If the disease progresses slowly, causes no pain and has little impact on your ability to use your hands for everyday tasks, you might not need treatment. Instead, you can wait and see if Dupuytren's contracture progresses. You may wish to follow the progression with a tabletop test, which you can do on your own.
Treatment involves removing or breaking apart the cords that are pulling your fingers toward your palm. This can be done in several ways. The choice of procedure depends on the severity of your symptoms and other health problems you may have.
This technique uses a needle, inserted through your skin, to puncture and break the cord of tissue that's contracting a finger. Contractures often recur but the procedure can be repeated.
The main advantages of the needling technique are that there is no incision, it can be done on several fingers at the same time, and usually very little physical therapy is needed afterward. The main disadvantage is that it can't be used in some places in the finger because it could damage a nerve or tendon.
Injecting a type of enzyme into the taut cord in your palm can soften and weaken it — allowing your doctor to later manipulate your hand in an attempt to break the cord and straighten your fingers. The FDA has approved collagenase Clostridium histolyticum (Xiaflex) for this purpose. The advantages and disadvantages of the enzyme injection are similar to needling.
Another option for people with advanced disease, limited function and progressing disease is to surgically remove the tissue in your palm affected by the disease. The main advantage to surgery is that it results in a more complete and longer-lasting release than that provided by the needle or enzyme methods. The main disadvantages are that physical therapy is usually needed after surgery, and recovery can take longer.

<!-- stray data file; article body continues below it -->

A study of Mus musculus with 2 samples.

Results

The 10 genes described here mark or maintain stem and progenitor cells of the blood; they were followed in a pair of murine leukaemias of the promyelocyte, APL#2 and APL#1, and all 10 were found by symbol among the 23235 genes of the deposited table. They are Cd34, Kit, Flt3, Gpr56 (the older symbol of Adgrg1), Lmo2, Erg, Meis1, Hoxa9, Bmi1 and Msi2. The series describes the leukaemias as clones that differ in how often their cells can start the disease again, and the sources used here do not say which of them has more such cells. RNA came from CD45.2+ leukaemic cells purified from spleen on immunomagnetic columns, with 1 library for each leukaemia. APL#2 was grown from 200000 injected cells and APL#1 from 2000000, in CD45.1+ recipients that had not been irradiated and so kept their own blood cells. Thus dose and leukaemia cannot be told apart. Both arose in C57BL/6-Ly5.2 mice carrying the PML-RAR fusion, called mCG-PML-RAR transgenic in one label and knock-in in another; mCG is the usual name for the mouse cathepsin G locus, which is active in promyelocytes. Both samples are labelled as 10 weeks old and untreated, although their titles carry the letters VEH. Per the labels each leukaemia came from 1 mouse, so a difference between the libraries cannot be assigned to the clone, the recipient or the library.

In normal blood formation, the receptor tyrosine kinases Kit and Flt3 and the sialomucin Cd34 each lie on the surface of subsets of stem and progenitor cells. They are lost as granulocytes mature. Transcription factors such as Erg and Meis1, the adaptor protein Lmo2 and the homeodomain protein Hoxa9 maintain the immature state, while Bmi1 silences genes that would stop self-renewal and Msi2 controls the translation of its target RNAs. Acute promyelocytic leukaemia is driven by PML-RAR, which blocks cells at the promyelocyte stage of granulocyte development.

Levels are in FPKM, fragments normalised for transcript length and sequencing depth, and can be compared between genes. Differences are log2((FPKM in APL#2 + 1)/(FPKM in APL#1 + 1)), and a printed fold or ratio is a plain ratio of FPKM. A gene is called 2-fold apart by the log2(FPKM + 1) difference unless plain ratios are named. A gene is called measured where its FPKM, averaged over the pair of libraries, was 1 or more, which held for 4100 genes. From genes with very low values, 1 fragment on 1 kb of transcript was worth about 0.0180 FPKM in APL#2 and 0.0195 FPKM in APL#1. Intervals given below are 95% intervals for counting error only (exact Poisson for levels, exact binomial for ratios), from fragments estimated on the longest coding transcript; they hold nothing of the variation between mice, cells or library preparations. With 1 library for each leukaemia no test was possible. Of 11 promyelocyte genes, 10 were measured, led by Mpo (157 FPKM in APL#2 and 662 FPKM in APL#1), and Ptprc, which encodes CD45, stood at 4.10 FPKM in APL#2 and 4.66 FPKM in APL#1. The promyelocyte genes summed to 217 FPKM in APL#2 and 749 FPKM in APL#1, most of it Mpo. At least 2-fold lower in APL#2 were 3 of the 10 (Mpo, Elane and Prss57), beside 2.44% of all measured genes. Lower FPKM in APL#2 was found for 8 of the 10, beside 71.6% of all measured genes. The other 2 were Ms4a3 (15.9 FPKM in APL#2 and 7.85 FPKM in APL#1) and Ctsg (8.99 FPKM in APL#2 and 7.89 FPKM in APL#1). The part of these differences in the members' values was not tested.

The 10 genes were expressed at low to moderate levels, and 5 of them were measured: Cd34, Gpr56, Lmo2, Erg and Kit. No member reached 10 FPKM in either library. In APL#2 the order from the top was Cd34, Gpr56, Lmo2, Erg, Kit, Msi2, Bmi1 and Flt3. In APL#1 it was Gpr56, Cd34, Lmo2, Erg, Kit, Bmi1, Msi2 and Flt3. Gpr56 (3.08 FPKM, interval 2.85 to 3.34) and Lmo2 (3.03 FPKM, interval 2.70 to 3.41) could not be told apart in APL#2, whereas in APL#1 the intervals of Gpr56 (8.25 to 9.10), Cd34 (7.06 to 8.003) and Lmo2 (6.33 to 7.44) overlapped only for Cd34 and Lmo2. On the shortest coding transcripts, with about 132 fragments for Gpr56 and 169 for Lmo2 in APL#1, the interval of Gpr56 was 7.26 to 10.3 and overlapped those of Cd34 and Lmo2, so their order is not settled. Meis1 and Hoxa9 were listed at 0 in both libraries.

In some severe cases, especially if surgery has failed to correct the problem, surgeons remove all the tissue likely to be affected by Dupuytren's contracture, including the attached skin. In these cases a skin graft is needed to cover the open wound. This surgery is the most invasive option and has the longest recovery time. People usually require months of intensive physical therapy afterward.
July 06, 2016
- Aggarwal R, et al. Dupuytren's contracture. http://www.uptodate.com/home. Accessed Aug. 9, 2015.
- Dupuytren's contracture. American Academy of Orthopaedic Surgeons. http://orthoinfo.aaos.org/topic.cfm?topic=a00008. Accessed Aug. 9, 2015.
- Dupuytren's disease. American Society for Surgery of the Hand. http://www.assh.org/handcare/hand-arm-conditions/dupuytren-disease. Accessed Aug. 10, 2015.
- Trojian T, et al. Dupuytren's disease: Diagnosis and treatment. American Family Physician. 2007;76:86.
- Amadio PC (expert opinion). Mayo Clinic, Rochester, Minn. Aug. 13, 2015.